Thursday, January 20, 2011; 4:33 PM

I'm afraid of roaches. Psychologists call the fear katsaridaphobia, and I have a bad case of it. When I see a roach, I jump on a chair, hitch up my britches and wail like a siren.


Ann Yamamoto, a grandmotherly retired librarian who works at the museum on Saturdays, asked whether I wanted to hold the roach. Um, no. She shrugged. This type of roach hisses when frightened, she explained. But this particular specimen was so used to being handled that it never did. It didn't look that ferocious, I thought, at least nothing like the lightning-fast mini-skateboards that terrorized my youth. I stroked the bug's back, took a deep breath and took it in my hand.

The Insectarium, a small two-story museum in northeast Philadelphia, is a local destination for birthday parties and field trips, a chance for visitors to confront their entomophobias. After you've nibbled cheddar-dusted worms and watched a cockroach race, your terrors just might vanish.

The museum's collection includes stick bugs, centipedes, eight kinds of roaches, several tarantulas, a black widow spider and a blue death feigning beetle. When startled, the beetle rolls on its back, curls up its legs and plays dead.

"As I understand, birds don't like eating things that are dead," Yamamoto said, the bug catatonic in her palm. "Then when it's safe, he'll flip himself over and go about his merry way." She put the beetle back in the tank, and we watched. After a minute, it writhed and turned back over onto its feet.

Next, Yamamoto showed me a giant vinegaroon, a nonpoisonous, palm-size scorpion with crablike pincers that produces a vinegar scent to ward off predators.

"I like him," she said, stroking his back. "He's really nice." Well, I guess any nonpoisonous scorpion is nice enough.

On the museum's first floor is a model kitchen strewn with decaying fruit bits. When the lights go off, the roaches come out and feast. They scatter when the lights come back on. Those were the roaches I didn't want to see. Before long, I, too, was scattering, off to Center City for one of Philadelphia's better-known attractions.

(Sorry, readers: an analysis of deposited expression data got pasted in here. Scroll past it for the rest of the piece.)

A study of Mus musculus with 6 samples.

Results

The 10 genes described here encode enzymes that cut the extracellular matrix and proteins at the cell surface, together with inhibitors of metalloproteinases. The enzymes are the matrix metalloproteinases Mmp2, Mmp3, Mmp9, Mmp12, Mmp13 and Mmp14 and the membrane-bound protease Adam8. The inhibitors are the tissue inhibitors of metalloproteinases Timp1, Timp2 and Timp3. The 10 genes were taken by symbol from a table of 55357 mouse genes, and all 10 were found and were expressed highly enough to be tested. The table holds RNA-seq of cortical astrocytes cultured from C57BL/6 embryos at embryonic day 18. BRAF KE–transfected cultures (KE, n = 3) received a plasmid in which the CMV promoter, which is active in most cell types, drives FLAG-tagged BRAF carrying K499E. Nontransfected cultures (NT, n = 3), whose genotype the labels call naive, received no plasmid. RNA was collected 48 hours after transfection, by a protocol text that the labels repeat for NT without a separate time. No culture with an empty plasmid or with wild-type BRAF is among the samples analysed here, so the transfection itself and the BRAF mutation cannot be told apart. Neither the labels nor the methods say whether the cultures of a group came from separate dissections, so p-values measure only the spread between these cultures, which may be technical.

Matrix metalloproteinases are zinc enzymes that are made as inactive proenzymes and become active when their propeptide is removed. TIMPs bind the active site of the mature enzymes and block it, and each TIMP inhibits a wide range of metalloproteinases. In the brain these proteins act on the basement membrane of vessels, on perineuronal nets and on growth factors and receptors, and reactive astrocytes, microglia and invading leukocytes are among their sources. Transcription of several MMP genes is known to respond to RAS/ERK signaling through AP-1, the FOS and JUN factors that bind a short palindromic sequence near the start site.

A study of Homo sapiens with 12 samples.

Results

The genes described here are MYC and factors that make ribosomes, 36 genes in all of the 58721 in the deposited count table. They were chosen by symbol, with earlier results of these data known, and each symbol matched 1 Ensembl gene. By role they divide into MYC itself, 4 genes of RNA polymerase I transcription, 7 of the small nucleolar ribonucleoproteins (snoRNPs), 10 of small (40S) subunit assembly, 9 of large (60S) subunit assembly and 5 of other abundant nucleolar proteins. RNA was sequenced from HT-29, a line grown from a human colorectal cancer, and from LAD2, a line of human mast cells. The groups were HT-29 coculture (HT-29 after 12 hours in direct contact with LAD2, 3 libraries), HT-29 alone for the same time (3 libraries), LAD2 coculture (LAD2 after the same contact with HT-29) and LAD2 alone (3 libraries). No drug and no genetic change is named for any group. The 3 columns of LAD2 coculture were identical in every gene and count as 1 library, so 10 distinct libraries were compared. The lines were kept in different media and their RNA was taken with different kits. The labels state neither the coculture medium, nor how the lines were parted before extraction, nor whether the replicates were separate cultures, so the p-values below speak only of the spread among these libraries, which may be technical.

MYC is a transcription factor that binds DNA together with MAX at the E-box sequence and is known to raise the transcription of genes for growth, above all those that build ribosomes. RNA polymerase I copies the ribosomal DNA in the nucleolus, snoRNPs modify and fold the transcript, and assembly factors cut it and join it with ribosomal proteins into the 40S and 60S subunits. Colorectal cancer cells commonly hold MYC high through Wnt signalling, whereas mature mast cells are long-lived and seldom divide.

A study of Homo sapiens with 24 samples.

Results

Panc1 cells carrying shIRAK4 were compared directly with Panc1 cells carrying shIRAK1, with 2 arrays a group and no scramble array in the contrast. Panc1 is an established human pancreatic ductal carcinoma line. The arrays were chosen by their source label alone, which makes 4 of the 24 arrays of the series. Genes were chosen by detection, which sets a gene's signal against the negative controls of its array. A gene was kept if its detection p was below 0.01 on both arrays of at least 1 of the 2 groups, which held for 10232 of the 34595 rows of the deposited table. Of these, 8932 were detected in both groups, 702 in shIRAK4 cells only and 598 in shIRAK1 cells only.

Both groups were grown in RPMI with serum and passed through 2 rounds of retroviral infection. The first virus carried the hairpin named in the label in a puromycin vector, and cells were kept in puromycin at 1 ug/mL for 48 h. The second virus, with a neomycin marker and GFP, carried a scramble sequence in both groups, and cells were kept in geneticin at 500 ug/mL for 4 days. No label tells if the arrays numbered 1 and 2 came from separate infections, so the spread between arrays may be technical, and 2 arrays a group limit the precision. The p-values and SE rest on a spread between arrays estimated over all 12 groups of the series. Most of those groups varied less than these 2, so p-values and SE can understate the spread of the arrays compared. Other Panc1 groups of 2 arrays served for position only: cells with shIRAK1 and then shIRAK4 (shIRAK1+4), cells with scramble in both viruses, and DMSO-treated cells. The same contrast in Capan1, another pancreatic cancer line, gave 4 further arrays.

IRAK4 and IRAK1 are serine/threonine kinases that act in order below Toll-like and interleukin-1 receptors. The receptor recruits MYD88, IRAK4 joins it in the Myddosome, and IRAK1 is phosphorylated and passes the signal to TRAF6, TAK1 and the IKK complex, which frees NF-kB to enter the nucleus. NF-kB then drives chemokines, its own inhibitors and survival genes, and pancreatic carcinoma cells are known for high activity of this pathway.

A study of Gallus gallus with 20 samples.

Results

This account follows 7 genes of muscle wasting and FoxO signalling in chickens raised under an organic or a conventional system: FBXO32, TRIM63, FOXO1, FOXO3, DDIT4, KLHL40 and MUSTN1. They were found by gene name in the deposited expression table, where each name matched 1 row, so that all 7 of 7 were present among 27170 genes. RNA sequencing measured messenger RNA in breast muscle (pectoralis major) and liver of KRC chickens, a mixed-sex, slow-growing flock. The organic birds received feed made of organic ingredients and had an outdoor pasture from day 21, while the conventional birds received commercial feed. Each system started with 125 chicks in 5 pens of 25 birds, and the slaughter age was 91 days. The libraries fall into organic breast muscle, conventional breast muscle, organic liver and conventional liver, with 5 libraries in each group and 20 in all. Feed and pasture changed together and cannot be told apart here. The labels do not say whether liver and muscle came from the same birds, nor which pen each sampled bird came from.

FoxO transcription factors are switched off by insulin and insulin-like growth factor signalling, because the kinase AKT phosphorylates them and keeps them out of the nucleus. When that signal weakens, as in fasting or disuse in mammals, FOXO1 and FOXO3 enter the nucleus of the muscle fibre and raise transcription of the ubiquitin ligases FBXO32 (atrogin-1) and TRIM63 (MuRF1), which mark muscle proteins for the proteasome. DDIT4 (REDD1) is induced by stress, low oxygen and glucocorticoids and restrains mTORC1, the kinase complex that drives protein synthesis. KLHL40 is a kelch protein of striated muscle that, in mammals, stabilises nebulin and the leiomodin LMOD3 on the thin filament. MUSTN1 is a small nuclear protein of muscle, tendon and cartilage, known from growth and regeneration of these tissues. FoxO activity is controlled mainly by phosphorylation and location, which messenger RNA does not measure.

The popular Mutter Museum of the College of Physicians of Philadelphia draws large crowds that come to see horns protruding from human foreheads, skulls cratered by syphilis and a 7-foot-6-inch human skeleton, all real-life medical oddities.

A display of infected eyeballs made me cringe, but I found the deformed fetuses the most disturbing. Standing before a wax figure of a baby born without a brain, I saw a discomfited father clutch his teenage daughter's shoulders, seemingly thankful for her robust health.

Most of the crowd gathered around a display case containing an eight-foot-long colon (the average colon is six feet) that had grown inside an average-size man in the late 1800s. According to the display's sign, a malformed nerve network around the colon rendered bowel movements nearly impossible, and his colon expanded with fecal matter. As a young man, he joined a freak show that nicknamed him "The Human Windbag"; such were the sensitivities of the time. When he died at the age of 29 in 1892, 40 pounds of fecal matter were jammed inside his colon.